O Lord my God, my Holy One, you who are eternal—surely you do not plan to wipe us out? O Lord, our Rock, you have sent these Babylonians to correct us, to punish us for our many sins. But you are pure and cannot stand the sight of evil. Will you wink at their treachery. Should you be silent while the wicked swallow up people more righteous than they?” – Habakkuk 1: 12-13.
In the TV game show, Who Wants To Be a Millionaire, Regis Philbin asks a contestant before they lock in their answer “is that your final answer?” In yesterday’s devotional we talked about how God had outlined His answer to Habakkuk’s question of “how long, O Lord, must I call for help?” Habakkuk got his answer, but based on his reaction in verses 12-13, I can’t help but wonder if he was thinking, “is that your final answer, Lord.”
Habakkuk didn’t like the answer. I wonder how often we don’t like the answer much either simply because it is not the answer we are looking for. We don’t want the Babylonians running roughshod over us. We just want things to be fixed. We want things to be better. God, can’t you just wave your hand or say a few words and fix all the evil, make things that are out of whack back in line and also transform the not so good people into good people. In other words, make everything right. He could, but is that what is best for us?
It is easy to lose sight of the fact that along the way God needs to fix us. And we lose sight of the fact that He expects us to embrace making the changes necessary to fix us. Not that we are all that bad. In the aftermath of the hurricane we have seen Christians and non-Christians all over Northwest Florida responding selflessly and compassionately and with great generosity to help family, friends, neighbors, and strangers. Yes, there are times when we can be good. In reality, however, there’s only one truly good person. His name is Jesus Christ. Everybody else has fallen short as Romans 3:23 reminds us: “For everyone has sinned; we all fall short of God’s glorious standard.”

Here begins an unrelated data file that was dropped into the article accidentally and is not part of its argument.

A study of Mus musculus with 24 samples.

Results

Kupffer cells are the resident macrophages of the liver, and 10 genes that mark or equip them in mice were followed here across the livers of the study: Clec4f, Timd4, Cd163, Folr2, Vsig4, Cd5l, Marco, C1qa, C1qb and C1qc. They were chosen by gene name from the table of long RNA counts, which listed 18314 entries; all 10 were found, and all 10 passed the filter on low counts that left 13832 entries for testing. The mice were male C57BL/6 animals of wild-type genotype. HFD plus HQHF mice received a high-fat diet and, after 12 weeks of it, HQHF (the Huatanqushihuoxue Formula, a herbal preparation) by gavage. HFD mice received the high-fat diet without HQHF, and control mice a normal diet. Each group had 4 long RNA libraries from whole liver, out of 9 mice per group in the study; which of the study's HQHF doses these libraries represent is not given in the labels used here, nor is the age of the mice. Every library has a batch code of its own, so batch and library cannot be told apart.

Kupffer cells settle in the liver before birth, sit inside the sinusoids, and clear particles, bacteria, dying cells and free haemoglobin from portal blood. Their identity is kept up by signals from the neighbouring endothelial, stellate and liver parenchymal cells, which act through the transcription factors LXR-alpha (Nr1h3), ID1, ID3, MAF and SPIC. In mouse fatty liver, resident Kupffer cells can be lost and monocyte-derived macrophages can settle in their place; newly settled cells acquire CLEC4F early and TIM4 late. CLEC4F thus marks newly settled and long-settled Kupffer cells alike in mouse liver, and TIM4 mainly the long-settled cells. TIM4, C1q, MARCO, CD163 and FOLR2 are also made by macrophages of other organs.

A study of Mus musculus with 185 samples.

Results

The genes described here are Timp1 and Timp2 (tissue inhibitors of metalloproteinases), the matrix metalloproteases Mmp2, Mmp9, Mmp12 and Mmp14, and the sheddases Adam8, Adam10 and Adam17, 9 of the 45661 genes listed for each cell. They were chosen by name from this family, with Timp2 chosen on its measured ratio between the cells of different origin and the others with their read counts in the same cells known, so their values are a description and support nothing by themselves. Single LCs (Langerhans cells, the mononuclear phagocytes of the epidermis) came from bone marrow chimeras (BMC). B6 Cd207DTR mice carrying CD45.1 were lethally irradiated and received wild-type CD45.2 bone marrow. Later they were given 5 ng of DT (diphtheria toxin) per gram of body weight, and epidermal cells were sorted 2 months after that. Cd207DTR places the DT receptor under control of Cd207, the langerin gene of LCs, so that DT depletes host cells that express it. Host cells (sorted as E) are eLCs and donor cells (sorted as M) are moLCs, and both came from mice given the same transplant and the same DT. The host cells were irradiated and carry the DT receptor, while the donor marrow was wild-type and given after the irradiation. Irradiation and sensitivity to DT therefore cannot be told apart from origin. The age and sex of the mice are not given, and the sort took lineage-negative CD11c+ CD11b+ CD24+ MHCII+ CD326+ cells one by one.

God ‘s actions and discipline are designed to help us grow. We either can wrestle with what God is doing or not doing in our lives, or we can embrace and benefit from it. But we don’t like hearing that. It creates tension. It creates drama. It would be easier if God just fixed the problem. But as we see in Habakkuk, there won’t always be a nice, neat solution. There may be times when you may have difficult circumstances that you are powerless to change.
This is when you embrace what God has planned for you. This is where you say, “God, I am still going to trust You ‘even when it gets hard.'” And when you choose that, God will take you on a journey like no other. It doesn’t mean things will be perfect. Things may get worse. But if you continue to trust God, if you continue to hold onto Him, He will take your faith to a higher and higher level.
- A deeply committed believer can express questions and have faith at the same time. Agree or disagree and why?
- What should our reaction be when we don’t like God’s answer or lack of answer?